Jan. 6 Rioter Barred From Holding Office For Life Under Insurrection Clause After His Appeal Is Dismissed

NEW YORK, NY - MAY 01: Otero County Commission Chairman and Cowboys for Trump co-founder Couy Griffin rides his horse on 5th avenue on May 1, 2020 in New York City. Mayor Bill De Blasio said that New York city has se... NEW YORK, NY - MAY 01: Otero County Commission Chairman and Cowboys for Trump co-founder Couy Griffin rides his horse on 5th avenue on May 1, 2020 in New York City. Mayor Bill De Blasio said that New York city has seen a decline in coronavirus hospitalizations and the rate of people testing positive for the disease, but that reopening is still a few months away.(Photo by Jeenah Moon/Getty Images) MORE LESS

The New Mexico Supreme Court has dismissed an appeal from “Cowboys for Trump” founder Couy Griffin to overturn a decision that barred him from holding public office for life under the 14th Amendment’s Disqualification Clause.

Griffin was arrested and convicted for entering restricted areas at the Capitol on Jan, 6, 2021. At the time, he was serving as a commissioner of Otero County, New Mexico, where he was elected in 2018. But residents began pushing to have him removed from office in 2021 for a number of reasons, including allegedly using his position to promote Cowboys for Trump.

The Otero County commissioner has become notorious for trying to help former president Donald Trump undermine the 2020 election, including pushing for a “forensic audit” of the 2022 election results that never saw the light of day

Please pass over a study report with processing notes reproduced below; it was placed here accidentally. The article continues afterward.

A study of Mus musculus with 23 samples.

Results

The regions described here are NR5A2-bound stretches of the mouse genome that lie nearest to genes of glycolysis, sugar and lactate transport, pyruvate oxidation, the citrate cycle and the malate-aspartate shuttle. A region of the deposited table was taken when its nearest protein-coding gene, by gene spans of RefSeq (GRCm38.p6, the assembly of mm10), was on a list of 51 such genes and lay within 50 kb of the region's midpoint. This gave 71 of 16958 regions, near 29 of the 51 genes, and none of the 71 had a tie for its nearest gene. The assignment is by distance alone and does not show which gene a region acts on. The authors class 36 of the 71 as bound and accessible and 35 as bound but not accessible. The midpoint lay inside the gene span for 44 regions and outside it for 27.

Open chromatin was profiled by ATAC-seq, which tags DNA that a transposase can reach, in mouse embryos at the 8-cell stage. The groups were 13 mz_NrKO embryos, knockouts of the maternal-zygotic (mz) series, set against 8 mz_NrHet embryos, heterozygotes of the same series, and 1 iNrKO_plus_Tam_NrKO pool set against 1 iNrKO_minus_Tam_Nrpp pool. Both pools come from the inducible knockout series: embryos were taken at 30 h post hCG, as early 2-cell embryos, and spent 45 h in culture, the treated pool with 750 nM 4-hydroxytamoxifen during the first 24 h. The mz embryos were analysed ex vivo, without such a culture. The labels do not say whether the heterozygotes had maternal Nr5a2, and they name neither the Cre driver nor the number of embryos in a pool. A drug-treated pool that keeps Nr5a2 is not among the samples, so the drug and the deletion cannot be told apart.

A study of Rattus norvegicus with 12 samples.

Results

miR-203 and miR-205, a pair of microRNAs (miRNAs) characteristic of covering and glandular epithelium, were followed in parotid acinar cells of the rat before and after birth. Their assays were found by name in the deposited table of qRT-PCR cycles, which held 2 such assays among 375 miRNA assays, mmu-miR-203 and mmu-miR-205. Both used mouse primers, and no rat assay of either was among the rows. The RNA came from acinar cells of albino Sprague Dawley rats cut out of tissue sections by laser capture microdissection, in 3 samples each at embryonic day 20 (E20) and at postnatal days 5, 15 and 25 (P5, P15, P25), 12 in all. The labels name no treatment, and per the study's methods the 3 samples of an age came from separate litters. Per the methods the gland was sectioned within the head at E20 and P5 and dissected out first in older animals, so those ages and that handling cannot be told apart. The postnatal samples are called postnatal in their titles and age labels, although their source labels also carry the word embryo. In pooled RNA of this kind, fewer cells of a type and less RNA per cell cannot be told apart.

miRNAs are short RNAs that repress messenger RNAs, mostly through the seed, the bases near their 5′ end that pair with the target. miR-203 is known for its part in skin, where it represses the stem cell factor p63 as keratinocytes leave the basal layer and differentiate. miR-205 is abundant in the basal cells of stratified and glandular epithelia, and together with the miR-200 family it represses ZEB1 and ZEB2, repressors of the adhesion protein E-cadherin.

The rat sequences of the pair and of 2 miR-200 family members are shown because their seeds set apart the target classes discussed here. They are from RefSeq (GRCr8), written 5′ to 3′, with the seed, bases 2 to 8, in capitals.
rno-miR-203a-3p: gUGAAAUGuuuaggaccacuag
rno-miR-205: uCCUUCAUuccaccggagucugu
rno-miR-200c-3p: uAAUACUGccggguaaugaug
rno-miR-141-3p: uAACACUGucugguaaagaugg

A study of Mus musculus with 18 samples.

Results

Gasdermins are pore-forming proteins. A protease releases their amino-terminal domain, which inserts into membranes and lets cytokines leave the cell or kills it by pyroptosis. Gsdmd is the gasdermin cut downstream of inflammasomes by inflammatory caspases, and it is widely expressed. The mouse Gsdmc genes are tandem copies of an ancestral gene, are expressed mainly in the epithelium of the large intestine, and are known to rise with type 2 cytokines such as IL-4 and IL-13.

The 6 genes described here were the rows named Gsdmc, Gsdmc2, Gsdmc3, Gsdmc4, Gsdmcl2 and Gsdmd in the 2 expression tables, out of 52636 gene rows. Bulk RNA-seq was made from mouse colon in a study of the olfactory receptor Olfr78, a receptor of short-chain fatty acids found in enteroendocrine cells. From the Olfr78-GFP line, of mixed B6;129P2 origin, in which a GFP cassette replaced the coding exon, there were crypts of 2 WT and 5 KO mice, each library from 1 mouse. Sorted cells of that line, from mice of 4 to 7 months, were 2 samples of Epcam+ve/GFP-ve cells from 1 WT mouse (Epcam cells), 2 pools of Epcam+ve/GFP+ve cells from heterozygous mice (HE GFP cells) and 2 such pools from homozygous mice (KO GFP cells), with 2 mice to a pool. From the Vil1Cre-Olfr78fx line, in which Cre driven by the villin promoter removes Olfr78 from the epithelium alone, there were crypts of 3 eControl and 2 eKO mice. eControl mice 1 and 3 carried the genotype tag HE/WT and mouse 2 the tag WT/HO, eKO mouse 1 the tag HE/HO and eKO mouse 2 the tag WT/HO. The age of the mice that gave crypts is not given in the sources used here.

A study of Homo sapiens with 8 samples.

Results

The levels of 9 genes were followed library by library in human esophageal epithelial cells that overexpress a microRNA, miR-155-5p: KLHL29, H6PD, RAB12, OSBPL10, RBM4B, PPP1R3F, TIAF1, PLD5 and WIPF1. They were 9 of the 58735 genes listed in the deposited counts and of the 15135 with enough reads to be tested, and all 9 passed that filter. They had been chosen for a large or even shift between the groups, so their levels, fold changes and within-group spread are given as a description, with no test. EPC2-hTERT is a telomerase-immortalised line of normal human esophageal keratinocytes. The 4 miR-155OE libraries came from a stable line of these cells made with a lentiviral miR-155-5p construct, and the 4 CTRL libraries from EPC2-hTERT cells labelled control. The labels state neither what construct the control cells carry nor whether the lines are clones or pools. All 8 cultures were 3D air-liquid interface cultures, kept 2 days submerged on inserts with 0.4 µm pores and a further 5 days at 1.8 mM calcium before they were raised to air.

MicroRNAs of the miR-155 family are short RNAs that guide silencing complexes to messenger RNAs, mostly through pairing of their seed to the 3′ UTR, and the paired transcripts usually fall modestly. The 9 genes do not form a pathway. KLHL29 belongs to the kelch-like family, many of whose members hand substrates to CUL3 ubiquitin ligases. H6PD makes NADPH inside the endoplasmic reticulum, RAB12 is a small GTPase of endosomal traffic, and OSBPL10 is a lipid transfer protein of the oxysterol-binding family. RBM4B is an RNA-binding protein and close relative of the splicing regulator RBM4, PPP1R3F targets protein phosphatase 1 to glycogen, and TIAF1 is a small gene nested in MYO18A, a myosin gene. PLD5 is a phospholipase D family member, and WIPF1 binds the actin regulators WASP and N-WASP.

Earlier this year, three New Mexico residents, with the help of the watchdog group Citizens For Responsibility and Ethics in Washington (CREW), petitioned for Griffin to be removed from office over his active participation in the Jan. 6 insurrection. The residents alleged in the complaint that Griffin brought multiple firearms with him to Washington, D.C. and gave speeches “encouraging people to go to Washington and stop the transfer of power.” Griffin was allegedly photographed scaling a wall to get closer to the Capitol building.

On Sept. 6, a federal judge ruled that Griffin was disqualified from holding public office under Section 3 of the 14th Amendment, which prohibits anyone who “hold[s] any office, civil or military, under the United States” from engaging in “insurrection or rebellion” against the country — marking the first time a public official has been ousted under the clause since 1869.

Griffin appealed the decision to the New Mexico Supreme Court on Sept. 20; the case was dismissed on Tuesday afternoon on procedural grounds. The Supreme Court ruled that Griffin failed to follow proper appeals procedures.

“This is an affirmation that Section 3 of the 14th Amendment can and should be enforced against all the January 6th insurrectionists who took an oath to defend the Constitution, whether they are current or former officeholders,” CREW senior vice president Donald Sherman said in a statement, “Today is an important day for our democracy.”